Thursday, February 8, 2018

Cover Versions

Chuck D talking about album covers, "It better catch your eye because it don't catch your eyes it not gonna catch your ear." The same can be said somewhat of book covers, if the book cover is no good, you might well pass it over. Independent author Christina Miller writes, "Indie books, especially, need great covers. Covers function as short-handed way to assure the reader that the story was written with as much care and creativity as went into the cover design." Small presses need to take notice.

We get to see many great book covers but we also see our fare share of covers that aren't so good, okay, some are qutie bad. Before we jump into the bad, let's look at the wonderful. First are the books published by the now defunct 280 Steps.

As I've written before, the 280 Steps' covers bring back the spirit of Saul Bass’ movie posters such as Vertigo and Anatomy of a Murder.  One of the problems with these covers was that 280 Steps rarely gave credit to the artists who designed the covers.

A book cover can even inspire an author to write a book. In an interview here at  Do Some Damage, Chris Irvin talked to Scott Adlerberg about how a piece of artwork by Matthew Revert.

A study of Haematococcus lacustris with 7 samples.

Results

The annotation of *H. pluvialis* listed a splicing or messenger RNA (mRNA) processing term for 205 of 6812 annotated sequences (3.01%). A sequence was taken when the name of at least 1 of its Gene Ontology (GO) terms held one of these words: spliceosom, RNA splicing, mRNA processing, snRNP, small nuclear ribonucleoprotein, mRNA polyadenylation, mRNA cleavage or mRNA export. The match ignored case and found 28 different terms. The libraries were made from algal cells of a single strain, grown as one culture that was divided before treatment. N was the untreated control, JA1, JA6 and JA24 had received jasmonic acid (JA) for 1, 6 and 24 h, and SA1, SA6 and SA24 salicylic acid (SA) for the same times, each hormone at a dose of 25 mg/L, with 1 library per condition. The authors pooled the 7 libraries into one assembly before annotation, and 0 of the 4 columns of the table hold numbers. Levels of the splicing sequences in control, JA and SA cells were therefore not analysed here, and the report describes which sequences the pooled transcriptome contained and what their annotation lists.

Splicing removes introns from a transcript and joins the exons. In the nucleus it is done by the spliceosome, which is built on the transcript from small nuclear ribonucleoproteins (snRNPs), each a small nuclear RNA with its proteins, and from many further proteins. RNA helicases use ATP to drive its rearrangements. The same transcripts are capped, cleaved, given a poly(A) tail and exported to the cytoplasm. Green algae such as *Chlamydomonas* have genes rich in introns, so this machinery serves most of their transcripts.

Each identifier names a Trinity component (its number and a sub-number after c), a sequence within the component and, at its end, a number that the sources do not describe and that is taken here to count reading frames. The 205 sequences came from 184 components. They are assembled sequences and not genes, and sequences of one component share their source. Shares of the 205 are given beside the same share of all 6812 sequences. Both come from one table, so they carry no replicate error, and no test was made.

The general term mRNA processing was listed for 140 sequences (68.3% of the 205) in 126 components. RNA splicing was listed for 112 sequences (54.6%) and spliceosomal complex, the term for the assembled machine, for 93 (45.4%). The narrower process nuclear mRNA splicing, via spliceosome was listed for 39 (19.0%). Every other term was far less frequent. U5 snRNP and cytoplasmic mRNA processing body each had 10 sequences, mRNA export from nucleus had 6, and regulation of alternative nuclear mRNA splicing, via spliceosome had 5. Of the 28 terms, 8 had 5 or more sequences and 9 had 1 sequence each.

...I bought a cover from Matthew Revert. The cover—which is the cover for Ragged, however it had a placeholder title of “Cork Warrior”—had gone unused from one of Revert’s previous projects that went in a totally different direction. I’m a huge fan of Revert’s work, and when I first saw it I was totally taken by each element – the (to me) anthropomorphic dog, the light blue of the falling snow, the worn cover style, etc.

So what happens when bad covers happen to good books. In my review of Marietta Mile's May, I wrote:
... can we talk about that cover, that god-awful cover May is stuck with? A book this excellent deserves a cover equally as compelling. I believe the current cover is doing a disservice to Miles and her book as a cover is supposed to appeal, to repel.

This cover of May is plain cheesy, it doesn't capture the spirt of Miles' book, and, worse, I think potential readers could pass the book by because the cover is not appealing. Sadly, these aren't the only bad cover recently released by Down & Out Books, here is Angel Luis Colón's Meat City on Fire.

The subtle image of the building behind the fire just didn't do it for me, whatever it is.

But let me clear up one thing, the folks at Down & Out do put out some great covers along with some equally great books. Here are two recent covers from Down & Out I loved.

Everyone is allowed to have a bad day, but if you are a publisher, please spend the time and money to put out a cover that is attractive. If you are paying for any type of editing, pay for a good cover designer as well. And, if you are an author and you are presented with a bad cover or one that you don't like, you have got to start saying no.

1 comment:

Anonymous said...

Those are great covers, there. Love the Bodenheim.